A network that helps people worldwide obtain rapid advice and information on crop protection, including the identification and management of plant pests.
PestNet is a network that helps people worldwide obtain rapid advice and information on crop protection, including the identification and management of plant pests. It started in 1999. Anyone with an interest in plant protection is welcome to join. PestNet is free and is moderated, ensuring that messages are confined to plant protection.
September 2003. Tonga asked about fruit drop in squash: was it normal to have so many fruits fail after fruit set. There are from 1-3 per plant. The plants were growing vigorously and there was no sign of sunburn and little powdery mildew, but there was some signs of fungal infections on the small fruit.
In response, Tonga was asked if checks had been made for fruit fly. In Australia, attack by the cucumber fly, Bactrocera cucumis, causes a similar problem. The simplest way to check is to take some fruit and rear out any adults. Possibly, other flies in the family Lonchaeidae and Drosophilidae could be present as well. There are no records of any species of major importance to cucurbits in Tonga, so if flies are reared out of the fruit it will be very important to have the species identified.
Another, more likely, possibility is insufficient pollinators. Honeybees are needed for pollination of cucurbits and there may not be sufficient in the area or there are competing floral sources that the bees are visiting. Bees may need to be introduced.
The simplest way to check this theory will be to take some male flowers and hand pollinate and mark a number of flowers. Mark a similar number of flowers that are not hand pollinated as a control. This needs to be done early in the morning (sunrise or just after) when the stigmas are sticky and the pollen has not been eaten or carried off by other insects. Some fruit will still probably fail to set depending on the number of fruit that each plant is carrying as there is a limit to the number of fruit that the plant will retain. However, if most fruit develop on the hand pollinated flowers and less on the unpollinbated control flowers, then it will be a good indication that bees are needed. Whether the fruit has set or not can be determined within 2 days. Improperly shaped fruit in the current crop could also be an indicator of insufficient pollinators.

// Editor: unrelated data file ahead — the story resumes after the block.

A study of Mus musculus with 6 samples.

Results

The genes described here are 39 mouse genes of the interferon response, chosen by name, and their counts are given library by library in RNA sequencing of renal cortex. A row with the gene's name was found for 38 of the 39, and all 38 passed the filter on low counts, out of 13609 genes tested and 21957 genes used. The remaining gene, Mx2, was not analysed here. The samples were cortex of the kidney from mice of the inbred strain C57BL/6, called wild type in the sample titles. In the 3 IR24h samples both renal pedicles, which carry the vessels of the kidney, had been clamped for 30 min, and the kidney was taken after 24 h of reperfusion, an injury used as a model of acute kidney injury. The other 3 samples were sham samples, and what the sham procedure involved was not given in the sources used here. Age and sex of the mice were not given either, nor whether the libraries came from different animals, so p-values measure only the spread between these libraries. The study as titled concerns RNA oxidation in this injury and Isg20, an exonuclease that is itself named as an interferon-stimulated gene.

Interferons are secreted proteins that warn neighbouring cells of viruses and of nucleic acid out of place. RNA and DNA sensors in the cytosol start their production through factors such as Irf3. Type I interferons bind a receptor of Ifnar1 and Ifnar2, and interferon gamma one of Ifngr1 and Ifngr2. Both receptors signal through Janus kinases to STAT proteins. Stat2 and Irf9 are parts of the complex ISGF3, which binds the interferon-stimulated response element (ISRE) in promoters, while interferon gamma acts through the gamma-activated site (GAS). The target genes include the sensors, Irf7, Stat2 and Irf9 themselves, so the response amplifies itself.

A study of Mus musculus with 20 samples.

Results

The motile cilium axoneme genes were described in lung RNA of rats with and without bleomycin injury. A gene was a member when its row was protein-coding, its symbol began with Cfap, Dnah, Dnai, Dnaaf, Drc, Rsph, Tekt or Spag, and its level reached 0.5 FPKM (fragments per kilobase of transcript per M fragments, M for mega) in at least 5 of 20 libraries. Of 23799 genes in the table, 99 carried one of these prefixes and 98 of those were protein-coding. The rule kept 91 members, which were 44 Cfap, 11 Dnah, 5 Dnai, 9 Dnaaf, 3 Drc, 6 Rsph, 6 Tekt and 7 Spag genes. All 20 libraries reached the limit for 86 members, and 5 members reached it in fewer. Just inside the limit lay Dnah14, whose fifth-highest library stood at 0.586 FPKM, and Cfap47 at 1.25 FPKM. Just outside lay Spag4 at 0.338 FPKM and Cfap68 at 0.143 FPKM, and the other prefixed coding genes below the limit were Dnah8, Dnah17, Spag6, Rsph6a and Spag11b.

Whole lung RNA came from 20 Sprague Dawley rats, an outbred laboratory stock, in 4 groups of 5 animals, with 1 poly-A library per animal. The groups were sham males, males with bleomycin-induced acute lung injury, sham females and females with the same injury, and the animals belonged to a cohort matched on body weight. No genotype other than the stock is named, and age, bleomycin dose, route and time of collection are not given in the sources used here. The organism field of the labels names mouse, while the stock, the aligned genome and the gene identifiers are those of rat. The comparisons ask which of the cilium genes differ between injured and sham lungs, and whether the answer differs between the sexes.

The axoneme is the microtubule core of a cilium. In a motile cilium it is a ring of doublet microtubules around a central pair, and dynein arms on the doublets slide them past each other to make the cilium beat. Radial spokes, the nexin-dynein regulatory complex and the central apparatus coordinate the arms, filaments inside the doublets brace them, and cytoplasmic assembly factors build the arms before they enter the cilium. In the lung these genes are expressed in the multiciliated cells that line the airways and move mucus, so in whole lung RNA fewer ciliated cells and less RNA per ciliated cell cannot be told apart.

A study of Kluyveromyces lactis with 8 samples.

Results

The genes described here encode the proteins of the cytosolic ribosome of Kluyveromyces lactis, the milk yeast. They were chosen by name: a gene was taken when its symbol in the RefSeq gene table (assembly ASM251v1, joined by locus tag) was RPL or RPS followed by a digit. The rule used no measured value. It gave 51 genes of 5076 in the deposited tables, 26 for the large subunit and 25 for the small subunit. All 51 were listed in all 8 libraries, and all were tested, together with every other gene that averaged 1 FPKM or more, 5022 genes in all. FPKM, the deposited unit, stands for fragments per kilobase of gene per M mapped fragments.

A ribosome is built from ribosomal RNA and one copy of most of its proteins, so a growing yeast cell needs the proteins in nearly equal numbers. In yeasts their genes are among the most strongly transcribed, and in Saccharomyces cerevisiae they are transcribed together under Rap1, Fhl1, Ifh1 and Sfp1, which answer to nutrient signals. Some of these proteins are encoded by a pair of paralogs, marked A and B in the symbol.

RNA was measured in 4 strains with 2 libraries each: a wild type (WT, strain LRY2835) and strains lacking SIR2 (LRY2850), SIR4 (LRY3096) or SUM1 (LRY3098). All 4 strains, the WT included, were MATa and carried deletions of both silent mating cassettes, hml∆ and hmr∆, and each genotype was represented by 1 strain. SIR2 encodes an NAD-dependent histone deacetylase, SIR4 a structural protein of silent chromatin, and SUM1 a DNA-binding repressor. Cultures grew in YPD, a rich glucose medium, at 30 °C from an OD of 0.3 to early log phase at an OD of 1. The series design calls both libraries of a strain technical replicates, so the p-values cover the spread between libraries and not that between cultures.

Fruit go mouldy after they fail to set (with both poor pollination and fruit fly attack) and this is possibly the secondary organisms that are being seen, at least on the failed fruit.
A similar problem in New Caledonia ………..
March 2004. Two months after pollination some fruit had stop growing. In several blocks, up to 60 percent of fruit are like this. At maturity the fruit are: a) small; b) without seeds; and c) sometimes half a fruit has no seeds and other part has full seeds. It was thought the problem was associated with bees, but some crops on one side of a river are healthy, while those on the other side have 70% of fruit with poor growth. Both places received the same fertilisers and pesticides, applied the same day.
Almost certainly a pollination problem and not a disease. It was suspected that either the beehive was on the other side of the river, or that the grower used an insecticide at the wrong time. Some pyrethroids can have a repellant effect as well as insecticidal.